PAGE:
This article was written by Invesco PowerShares Senior Fixed & Equity Income Product Strategist Joseph Becker.
The Federal Open Market Committee statement coming out of the Federal Reserve’s (Fed) Dec. 17, 2014, meeting seemed to confirm the market’s consensus view that the Fed will indeed raise short-term interest rates in 2015. Following the statement’s release, the implied Fed funds rate (as measured by the Fed funds futures market) for September 2015 moved five basis points higher than its level on Dec. 16.
Yet while markets may feel more certain about the timing of rate hikes, there remains a degree of uncertainty surrounding the efficacy of the mechanism for rate hikes. The Fed’s unprecedented use of unconventional monetary policy coming out of the financial crisis means that the process of normalizing its policy will also be unprecedented.
Fractional reserve banking system drives price levels
Banks, of course, are in the business of paying low interest rates on deposits and lending them out at higher interest rates. Banking regulations, however, require that banks keep a fraction of those deposits on hand as reserves. It’s through this “fractional reserve” system of banking that money is multiplied throughout the economy. In turn, this money multiplication, or contraction, is a key driver of overall price levels (i.e., the purchasing power of a dollar).
Historically, the Fed’s primary tool of monetary policy has been targeting the fed funds rate, which is the rate at which banks lend to each other overnight. Why do banks need to borrow overnight? To meet their daily reserve requirements.
The Fed has used the fed funds rate as a tool to promote its dual mandate of stable prices and maximum employment — lowering or raising the rate to encourage or discourage overnight borrowing, depending on economic and financial conditions. All else equal, the lower or higher the cost of overnight borrowing, the more or less willing a bank should be to lend out its deposits.
Fed funds rate becomes less effective tool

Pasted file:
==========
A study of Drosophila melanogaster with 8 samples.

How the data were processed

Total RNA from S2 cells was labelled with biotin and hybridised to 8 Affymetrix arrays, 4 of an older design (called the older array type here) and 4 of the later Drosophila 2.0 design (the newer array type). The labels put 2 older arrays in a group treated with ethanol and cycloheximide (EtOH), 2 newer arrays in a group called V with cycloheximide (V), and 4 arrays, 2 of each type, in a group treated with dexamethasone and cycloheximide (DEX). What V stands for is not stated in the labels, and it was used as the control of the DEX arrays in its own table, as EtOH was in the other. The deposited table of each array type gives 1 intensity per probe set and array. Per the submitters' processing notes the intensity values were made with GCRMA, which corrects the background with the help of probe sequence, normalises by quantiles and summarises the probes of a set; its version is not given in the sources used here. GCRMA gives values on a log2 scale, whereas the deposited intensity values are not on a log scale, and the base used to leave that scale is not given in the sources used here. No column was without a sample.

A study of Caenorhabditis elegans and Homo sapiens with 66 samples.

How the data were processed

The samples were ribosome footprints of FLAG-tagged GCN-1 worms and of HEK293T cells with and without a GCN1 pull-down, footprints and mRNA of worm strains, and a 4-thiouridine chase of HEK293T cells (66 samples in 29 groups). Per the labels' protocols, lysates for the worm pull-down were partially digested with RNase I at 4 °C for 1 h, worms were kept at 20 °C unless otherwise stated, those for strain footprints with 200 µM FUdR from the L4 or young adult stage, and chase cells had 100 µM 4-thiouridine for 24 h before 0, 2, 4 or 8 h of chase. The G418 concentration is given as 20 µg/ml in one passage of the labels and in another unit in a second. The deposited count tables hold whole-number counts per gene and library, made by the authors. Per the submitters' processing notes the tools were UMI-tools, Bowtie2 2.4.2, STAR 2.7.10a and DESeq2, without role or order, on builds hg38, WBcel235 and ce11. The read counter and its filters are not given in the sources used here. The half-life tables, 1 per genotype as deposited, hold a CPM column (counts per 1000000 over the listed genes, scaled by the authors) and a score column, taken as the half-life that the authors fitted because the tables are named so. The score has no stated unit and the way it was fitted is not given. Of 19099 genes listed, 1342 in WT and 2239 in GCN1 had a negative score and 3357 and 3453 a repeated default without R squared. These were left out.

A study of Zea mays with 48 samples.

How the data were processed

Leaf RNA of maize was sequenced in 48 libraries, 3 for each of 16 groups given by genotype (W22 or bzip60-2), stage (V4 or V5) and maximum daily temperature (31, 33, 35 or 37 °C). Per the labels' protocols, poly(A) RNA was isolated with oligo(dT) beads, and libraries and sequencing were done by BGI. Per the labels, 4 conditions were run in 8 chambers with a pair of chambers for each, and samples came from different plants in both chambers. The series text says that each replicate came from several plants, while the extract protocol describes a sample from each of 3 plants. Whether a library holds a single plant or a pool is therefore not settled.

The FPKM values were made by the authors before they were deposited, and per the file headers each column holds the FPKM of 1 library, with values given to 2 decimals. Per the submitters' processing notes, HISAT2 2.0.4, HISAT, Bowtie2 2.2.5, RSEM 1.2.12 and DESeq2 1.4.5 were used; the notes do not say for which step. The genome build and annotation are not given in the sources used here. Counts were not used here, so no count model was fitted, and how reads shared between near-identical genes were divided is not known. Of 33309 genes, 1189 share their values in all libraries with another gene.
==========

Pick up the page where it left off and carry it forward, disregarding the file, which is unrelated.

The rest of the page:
During the decades prior to the financial crisis, Fed data show that banks generally held minimal reserves in excess of the required level. This meant that banks were generally lending as much as regulatory limits would permit. In recent years, however, the Fed’s unconventional monetary policy of quantitative easing (QE) has created more than $2 trillion of excess reserves in the banking system, as the chart below shows.
The presence of excess reserves means banks don’t need to borrow overnight to meet their reserve requirements, which means the fed funds rate can’t be effective as a tool to encourage or discourage borrowing in my view.
Fed trades stick for carrot
As part of its response to this situation, the Fed released its Policy Normalization Principles and Plans after its September 2014 meeting. In addition to offering principles for normalizing its balance sheet, the Fed also explained how it intends to raise short-term rates in a way that incentivizes banks. Rather than simply raising the fed funds rate via open market purchases, the Fed indicated that it will instead move the fed funds rate “primarily by adjusting the interest rate it pays on excess reserve balances.”
Under normal circumstances, a higher fed funds rate is a punitive, tax-like measure meant to increase banks’ cost of reserves via the minimum reserve requirement. By instead raising the rate it pays on excess reserves, the Fed will be encouraging banks to let those reserves sit safely at the Fed rather than taking on the risk of lending them out.
So where the Fed has historically used a stick, it now intends to use a carrot. Rather than increasing the cost of acquiring reserves, the Fed will be increasing the cost of forgone opportunity. In both cases, the goal is to discourage lending by making the risk less profitable. The primary difference this time around is the $2.5 trillion in excess reserves sitting between the banks’ ability to lend and their reserve requirement threshold.
With QE tapered out and rate hikes seemingly in the forecast, act one of this unprecedented Fed policy experiment appears to have reached intermission. Investors will no doubt keep a close eye on whether or not the carrot can be as effective as the stick when the curtain opens on part two.
In the absence of a clear roadmap to help investors navigate the implications of Fed policy on fixed-income markets, the investor’s toolbox takes on greater importance. The liquidity1, flexibility and transparency2 of fixed-income exchange-traded funds (ETFs) may help investors be responsive to changing conditions as they develop.
1 Since ordinary brokerage commissions apply for each buy and sell transaction, frequent trading activity may increase the cost of ETFs.
2 ETFs disclose their full holdings daily.
There are risks involved with investing in ETFs, including possible loss of money. Index-based ETFs are not actively managed. Actively managed ETFs do not necessarily seek to replicate the performance of a specified index. Both index-based and actively managed ETFs are subject to risks similar to stocks, including those related to short selling and margin maintenance. Ordinary brokerage commissions apply.